Friday, October 22nd

Managing Eczema While Pregnant

The list of things that can cause an eczema flare up is never ending. Anything from stress to a certain perfume can cause an outbreak of eczema. Some women even report a change in their eczema symptoms that coincides with their menstrual cycle. So if the low dose of hormones released during menstruation can cause eczema to worsen or to clear up, how do the raging hormones of pregnancy affect eczema?

There are a lot of things that happen to a woman's body during pregnancy. Stress levels can rise, hormones run rampant, and pregnancy-related queasiness can alter both routine and eating habits. While doctors have not confirmed that these changes and pregnancy can lead to intense eczema flare ups during pregnancy, many women report an increase of symptoms while pregnant. A smaller group, on the other hand, reported that their eczema actually cleared up during pregnancy.

The main obstacle to pregnant women with eczema is that they have limited resources to deal with their eczema. Many of the medications that they use to control flare ups when they are not pregnant cannot be used during pregnancy.

Here is a list of some of the most common eczema medications that cannot be used during pregnancy:

  • Corticosteroids - When fighting eczema, both topical and systemic steroids can be used - and neither is recommended during pregnancy as they cross the placenta. While they are not known to cause birth defects, corticosteroids are ill advised during pregnancy or while breast feeding.
  • Antibiotics - Since eczema can cause secondary skin infections, antibiotics are often prescribed to clear up these conditions. While there are some antibiotics that are safe during pregnancy, others are not recommended if you are pregnant, if you plan to become pregnant, or if you are breast feeding.
  • Cyclosporine - While this medication is not known to cause birth defects, there is a suspected link between this medication and premature birth.
  • Mycophenolate mofetil - This medication has been proven to cause birth defects in animal studies and is, therefore, never advised for use during pregnancy. Women are urged to use contraception before, during and after using this medication to avoid becoming pregnant.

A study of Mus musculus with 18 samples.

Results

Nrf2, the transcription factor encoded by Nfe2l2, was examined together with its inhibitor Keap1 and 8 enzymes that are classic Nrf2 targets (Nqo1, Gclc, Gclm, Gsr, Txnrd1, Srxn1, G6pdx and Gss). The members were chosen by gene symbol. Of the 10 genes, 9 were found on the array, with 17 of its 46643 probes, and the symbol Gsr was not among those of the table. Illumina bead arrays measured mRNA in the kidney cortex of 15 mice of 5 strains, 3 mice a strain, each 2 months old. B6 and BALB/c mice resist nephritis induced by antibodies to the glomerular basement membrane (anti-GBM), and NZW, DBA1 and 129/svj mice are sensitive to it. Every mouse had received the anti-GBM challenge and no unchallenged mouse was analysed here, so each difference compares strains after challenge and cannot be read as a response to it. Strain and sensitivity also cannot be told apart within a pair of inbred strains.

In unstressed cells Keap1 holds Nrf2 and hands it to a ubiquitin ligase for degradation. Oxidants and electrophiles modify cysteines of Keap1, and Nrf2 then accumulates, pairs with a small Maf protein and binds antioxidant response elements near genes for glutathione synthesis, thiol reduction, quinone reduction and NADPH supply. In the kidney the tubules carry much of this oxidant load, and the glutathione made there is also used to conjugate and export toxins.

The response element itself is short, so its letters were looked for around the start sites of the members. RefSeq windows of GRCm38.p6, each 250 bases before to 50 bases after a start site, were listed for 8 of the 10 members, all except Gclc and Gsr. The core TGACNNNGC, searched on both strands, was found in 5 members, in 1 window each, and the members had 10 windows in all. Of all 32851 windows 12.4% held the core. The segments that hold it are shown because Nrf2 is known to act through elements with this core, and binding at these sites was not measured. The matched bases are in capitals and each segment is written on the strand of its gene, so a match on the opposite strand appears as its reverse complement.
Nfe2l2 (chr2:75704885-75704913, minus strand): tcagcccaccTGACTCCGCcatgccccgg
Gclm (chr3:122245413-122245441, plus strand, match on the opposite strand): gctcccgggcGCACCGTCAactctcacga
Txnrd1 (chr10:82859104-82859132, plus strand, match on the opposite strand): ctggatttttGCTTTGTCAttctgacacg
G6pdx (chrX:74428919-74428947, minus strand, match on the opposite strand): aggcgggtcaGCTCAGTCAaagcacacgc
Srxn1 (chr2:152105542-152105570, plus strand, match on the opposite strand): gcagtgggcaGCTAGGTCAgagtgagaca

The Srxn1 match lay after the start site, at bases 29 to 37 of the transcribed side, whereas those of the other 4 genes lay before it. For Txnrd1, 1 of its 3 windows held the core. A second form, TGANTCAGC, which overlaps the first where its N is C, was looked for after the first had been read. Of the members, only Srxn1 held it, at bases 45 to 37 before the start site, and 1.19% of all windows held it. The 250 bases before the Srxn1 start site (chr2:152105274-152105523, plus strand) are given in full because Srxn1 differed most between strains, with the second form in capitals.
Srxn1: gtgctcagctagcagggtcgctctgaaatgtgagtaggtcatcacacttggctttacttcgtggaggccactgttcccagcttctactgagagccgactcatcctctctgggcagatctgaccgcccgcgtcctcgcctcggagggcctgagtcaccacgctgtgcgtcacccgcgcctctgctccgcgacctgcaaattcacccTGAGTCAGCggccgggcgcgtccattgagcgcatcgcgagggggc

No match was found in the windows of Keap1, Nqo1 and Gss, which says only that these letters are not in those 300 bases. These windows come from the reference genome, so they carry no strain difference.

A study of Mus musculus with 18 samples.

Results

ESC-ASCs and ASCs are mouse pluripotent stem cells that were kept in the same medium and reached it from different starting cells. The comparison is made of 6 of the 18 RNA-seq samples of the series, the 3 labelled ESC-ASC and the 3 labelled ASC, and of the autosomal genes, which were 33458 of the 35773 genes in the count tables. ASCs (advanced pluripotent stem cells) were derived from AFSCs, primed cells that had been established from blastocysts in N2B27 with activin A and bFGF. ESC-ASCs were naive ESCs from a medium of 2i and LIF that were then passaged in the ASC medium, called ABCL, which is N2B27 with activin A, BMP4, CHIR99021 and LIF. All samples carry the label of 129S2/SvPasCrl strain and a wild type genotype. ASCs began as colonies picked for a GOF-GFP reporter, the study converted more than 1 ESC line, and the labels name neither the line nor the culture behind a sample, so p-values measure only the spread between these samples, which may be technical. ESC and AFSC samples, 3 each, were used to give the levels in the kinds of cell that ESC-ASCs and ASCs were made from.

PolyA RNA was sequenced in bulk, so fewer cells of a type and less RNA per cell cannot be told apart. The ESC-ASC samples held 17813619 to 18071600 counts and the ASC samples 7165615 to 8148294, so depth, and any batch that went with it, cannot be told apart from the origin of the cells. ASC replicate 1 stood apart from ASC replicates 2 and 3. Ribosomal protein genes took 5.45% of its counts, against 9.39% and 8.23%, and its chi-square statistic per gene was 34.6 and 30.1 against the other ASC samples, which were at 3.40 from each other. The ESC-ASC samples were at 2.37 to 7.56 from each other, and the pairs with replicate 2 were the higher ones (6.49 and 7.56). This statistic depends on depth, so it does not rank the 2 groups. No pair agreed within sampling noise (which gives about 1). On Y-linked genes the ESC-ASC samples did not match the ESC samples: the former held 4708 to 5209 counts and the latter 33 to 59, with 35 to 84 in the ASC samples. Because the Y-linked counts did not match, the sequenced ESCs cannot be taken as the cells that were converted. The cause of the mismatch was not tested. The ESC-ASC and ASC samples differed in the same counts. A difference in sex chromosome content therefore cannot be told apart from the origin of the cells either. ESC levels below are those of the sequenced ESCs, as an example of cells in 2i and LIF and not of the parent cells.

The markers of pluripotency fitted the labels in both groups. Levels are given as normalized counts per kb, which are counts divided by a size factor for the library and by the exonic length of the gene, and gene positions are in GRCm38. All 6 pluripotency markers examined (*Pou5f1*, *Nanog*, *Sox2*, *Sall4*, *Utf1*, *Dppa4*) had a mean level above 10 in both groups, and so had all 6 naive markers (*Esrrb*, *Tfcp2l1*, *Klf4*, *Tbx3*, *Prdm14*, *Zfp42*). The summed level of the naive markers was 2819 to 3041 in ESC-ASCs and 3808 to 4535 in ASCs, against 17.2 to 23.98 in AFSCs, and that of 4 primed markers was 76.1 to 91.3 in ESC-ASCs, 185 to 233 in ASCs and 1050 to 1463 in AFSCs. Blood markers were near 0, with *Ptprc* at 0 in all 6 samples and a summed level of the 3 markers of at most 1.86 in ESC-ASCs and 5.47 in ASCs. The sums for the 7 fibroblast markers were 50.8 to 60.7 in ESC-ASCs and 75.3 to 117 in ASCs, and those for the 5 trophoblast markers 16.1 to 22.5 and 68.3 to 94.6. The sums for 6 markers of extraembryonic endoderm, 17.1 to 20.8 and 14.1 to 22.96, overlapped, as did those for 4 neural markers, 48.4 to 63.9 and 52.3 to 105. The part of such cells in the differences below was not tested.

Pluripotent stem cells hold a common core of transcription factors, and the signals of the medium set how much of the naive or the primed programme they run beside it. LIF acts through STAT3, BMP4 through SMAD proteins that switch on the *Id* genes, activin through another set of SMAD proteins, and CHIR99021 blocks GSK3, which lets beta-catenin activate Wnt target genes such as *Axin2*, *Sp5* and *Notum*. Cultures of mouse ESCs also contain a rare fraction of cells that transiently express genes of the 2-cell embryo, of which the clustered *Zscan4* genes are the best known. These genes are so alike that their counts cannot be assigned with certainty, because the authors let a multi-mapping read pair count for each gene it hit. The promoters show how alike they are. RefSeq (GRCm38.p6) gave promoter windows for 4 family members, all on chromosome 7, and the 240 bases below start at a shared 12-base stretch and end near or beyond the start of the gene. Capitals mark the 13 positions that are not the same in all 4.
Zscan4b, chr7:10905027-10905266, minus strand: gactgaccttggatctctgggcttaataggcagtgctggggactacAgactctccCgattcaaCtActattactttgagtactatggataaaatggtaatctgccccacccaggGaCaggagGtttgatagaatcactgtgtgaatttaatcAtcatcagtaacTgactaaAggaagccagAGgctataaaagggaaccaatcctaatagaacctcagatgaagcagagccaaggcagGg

• Calcineurin inhibitors - The oral form of this medication crosses the placenta and is found in breast milk which makes it unadvisable to use during pregnancy. When using the topical form of this medication, not as much is absorbed into the body, but it is not known what effects even a small amount can have on the fetus.

Since eczema options are diminished during pregnancy, women with eczema need to take extra care to avoid triggers that cause eczema flare ups which can include perfumes, certain soaps, sweat, heat, and wool just to name a few. They should also increase non-medicinal efforts to keep skin healthy such as keeping the skin moisturized and avoiding products that can irritate the skin. With a lot of diligence and a little bit of luck, eczema can be comfortably controlled during pregnancy.


Eczema is an itchy inflammation of the skin. The main symptom is a rash that is usually found on the arms or behind the knees, but it can appear anywhere on the body. The skin will usually feel dry and bumpy and may appear cracked.
Eczema is usually developed in early childhood and is most common with people who have a family history of the condition. There are certain triggers that can cause eczema to flare up like certain soaps, detergents, wool, dry skin, heat, or emotional stress. Allergens like dust mites, molds, pollen, or food can also be the reason that eczema appears. It is often hard to identify the exact reason that you or your child has eczema.
If you have eczema, it will not cause any harm to the other areas of your body unless it's left untreated and eventually causes a skin infection. The main reason this is a condition people want to get rid of is because it can be extremely uncomfortable. Itching may be intense and scratching only further irritates the skin and causes sores.
Experts usually recommend avoiding soap and other irritants if you're experiencing eczema. These can dry out the skin and make the problem worse. To fully heal from eczema, you may be offered prescription medicines from a doctor, but these could be expensive. Fortunately, there are many highly-rated, safely-developed treatments you can find online to find fast relief from your eczema.
Yes! The eczema products available online are developed specifically to nourish skin and heal eczema without causing any further damage or side effects. Some formulas are made with 100% natural ingredients derived from plant sources. You're more likely to find a treatment without harsh chemicals online than if you use a prescription from a doctor.
Effective eczema treatments can cost as little as $10! Depending on how severe your case is and how many areas of eczema need to be treated, you may need to purchase a few bottles of an oil or cream, but you'll find that no matter the route you go, you won't pay much. Eczema is a condition that can be treated affordably and quickly.
Most eczema products come in the form of a cream, serum, or ointment. They are applied directly onto the skin, covering the affected areas. You might be recommended to use some products more than once per day for maximum results, but it takes as little as 1 or 2 minutes for a treatment.
If you don't have success with the eczema product you use, check to see if it came with a money-back guarantee. Many companies stand by their products with an offer to get a refund if you weren't satisfied with your results. If not, you probably didn't lose too much money since eczema products are so affordable; try a new cream or ointment in hopes that it works better.